These authors contributed equally to this work.
Article first published online: 24 JUL 2014
© 2014 The Authors. New Phytologist © 2014 New Phytologist Trust
Volume 204, Issue 3, pages 704–714, November 2014
How to Cite
Gornicki, P., Zhu, H., Wang, J., Challa, G. S., Zhang, Z., Gill, B. S. and Li, W. (2014), The chloroplast view of the evolution of polyploid wheat. New Phytologist, 204: 704–714. doi: 10.1111/nph.12931
- Issue published online: 14 OCT 2014
- Article first published online: 24 JUL 2014
- Manuscript Accepted: 7 JUN 2014
- Manuscript Received: 10 JAN 2014
- South Dakota Agricultural Experimental Station
- South Dakota Wheat Commission
- University of Chicago
- WGRC I/UCRC NSF. Grant Number: IIP-1338897
- Kansas Agricultural Experiment Station. Grant Number: 14-339-J
Fig. S2 Neighbor-joining phylogenetic tree of Emmer, Timppheevi, Speltoides and Sitopsis lineages based on synonymous substitutions in 70 concatenated protein coding sequences in SC blocks of the chloroplast genomes with Brachypodium, maize and Sorghum sequences as outgroups.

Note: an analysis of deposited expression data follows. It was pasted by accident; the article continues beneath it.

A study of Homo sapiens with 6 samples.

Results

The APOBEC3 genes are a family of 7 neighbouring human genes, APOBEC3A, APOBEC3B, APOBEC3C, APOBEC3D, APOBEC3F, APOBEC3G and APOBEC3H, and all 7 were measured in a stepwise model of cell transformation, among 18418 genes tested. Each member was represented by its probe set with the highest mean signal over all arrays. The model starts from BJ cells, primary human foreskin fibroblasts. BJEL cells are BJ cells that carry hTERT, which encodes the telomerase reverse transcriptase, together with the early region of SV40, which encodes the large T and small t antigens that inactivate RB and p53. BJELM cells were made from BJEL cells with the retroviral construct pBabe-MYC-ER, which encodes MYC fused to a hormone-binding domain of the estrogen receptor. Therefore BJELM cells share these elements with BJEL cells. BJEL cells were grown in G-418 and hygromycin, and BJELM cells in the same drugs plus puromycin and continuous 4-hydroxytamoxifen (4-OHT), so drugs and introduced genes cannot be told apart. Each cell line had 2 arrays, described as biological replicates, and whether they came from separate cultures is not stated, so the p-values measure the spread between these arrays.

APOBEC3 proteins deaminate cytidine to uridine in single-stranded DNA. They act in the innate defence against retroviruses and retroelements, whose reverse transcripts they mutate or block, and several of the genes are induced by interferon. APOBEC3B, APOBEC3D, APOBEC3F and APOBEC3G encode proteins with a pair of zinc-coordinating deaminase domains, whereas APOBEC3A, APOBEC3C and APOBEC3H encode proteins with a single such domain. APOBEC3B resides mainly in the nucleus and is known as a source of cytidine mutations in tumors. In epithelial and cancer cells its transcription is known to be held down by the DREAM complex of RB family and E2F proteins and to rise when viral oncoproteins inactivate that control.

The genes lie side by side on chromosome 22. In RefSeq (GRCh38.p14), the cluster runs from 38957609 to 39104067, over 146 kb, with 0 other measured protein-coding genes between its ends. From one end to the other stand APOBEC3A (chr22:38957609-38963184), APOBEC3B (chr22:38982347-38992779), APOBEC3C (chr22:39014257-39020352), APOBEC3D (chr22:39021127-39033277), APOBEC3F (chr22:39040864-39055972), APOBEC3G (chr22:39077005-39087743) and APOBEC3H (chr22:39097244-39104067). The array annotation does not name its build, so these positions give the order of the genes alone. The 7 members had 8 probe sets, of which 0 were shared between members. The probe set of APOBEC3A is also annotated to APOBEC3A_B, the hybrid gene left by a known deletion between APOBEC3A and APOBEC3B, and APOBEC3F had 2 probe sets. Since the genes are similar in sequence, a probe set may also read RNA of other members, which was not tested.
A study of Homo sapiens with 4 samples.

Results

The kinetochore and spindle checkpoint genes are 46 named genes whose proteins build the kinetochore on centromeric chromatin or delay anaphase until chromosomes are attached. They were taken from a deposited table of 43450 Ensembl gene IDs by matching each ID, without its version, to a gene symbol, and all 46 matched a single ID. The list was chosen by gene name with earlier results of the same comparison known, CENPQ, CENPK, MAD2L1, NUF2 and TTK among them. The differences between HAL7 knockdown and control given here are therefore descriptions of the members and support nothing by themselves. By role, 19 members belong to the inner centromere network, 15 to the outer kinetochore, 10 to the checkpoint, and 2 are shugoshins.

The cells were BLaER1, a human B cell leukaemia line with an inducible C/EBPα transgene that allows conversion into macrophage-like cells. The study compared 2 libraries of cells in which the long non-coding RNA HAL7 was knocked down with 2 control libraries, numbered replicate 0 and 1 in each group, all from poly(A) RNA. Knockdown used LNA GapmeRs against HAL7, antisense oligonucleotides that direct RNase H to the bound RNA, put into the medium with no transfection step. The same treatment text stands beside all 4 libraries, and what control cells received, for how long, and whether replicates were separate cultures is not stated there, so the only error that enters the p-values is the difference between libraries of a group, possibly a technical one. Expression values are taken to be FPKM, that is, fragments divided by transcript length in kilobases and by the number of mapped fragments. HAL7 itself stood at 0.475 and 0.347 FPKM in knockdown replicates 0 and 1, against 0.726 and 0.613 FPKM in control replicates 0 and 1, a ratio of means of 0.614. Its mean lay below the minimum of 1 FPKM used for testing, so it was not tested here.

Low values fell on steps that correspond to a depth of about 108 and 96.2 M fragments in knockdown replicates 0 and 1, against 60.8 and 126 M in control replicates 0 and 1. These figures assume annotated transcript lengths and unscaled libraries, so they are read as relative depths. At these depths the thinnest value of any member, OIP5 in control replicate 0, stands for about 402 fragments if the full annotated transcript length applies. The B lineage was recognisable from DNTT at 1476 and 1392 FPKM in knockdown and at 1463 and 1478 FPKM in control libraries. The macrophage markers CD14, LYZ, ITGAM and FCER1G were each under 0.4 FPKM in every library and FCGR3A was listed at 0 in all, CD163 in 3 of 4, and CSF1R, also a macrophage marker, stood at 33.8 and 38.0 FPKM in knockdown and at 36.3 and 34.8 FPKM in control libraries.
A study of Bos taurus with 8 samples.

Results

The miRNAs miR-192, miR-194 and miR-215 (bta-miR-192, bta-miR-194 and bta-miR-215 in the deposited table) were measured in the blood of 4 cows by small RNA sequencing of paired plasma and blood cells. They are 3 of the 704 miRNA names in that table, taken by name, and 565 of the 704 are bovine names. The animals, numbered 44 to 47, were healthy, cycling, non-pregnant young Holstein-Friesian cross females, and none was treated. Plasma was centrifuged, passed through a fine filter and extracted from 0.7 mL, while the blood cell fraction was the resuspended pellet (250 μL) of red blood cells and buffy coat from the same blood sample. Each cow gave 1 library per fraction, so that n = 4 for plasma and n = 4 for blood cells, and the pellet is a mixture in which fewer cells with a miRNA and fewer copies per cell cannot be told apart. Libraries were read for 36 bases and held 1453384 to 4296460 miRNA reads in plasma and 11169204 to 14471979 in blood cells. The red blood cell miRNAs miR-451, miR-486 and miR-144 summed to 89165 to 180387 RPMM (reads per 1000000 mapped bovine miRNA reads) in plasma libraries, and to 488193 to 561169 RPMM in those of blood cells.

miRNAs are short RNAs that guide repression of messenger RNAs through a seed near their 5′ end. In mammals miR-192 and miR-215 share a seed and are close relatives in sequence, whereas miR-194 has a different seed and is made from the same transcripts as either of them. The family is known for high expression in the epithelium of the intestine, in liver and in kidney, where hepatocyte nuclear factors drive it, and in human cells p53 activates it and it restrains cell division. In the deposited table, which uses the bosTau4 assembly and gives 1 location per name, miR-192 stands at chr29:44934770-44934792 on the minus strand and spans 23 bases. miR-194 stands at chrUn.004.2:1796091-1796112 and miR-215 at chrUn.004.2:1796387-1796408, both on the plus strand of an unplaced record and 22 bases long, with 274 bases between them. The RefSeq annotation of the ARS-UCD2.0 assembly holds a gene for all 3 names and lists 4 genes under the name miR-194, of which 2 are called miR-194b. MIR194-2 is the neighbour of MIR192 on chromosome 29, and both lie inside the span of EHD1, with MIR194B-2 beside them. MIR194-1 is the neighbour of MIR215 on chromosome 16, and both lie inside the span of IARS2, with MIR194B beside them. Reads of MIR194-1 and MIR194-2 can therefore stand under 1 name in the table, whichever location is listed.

Fig. S3 Neighbor-joining phylogenetic tree of Emmer, Timppheevi, Speltoides and Sitopsis lineages based on concatenated SC sequences other than protein coding exons with barley sequence as an outgroup.
Fig. S4 Comparison of the best ML tree based on joined sequences of the LSC and SSC blocks and the NJ tree of Fig 2.
Fig. S5 Haplotype tree based on 10 chloroplast markers.
Table S1 Triticum and Aegilops species analyzed in this study.
Table S2 Plasmon and nuclear markers.
Table S3 Complete list of plasmon haplotypes and nuclear genotypes, and their prevalence in Emmer, Timopheevi, Speltoides and Sitopsis lineages (expanded Table 1).
Table S4 Divergence times calculated based on synonymous substitutions in 70 concatenated protein coding sequences (NJ method) and all substitutions (ML method) in SC blocks of the chloroplast genome.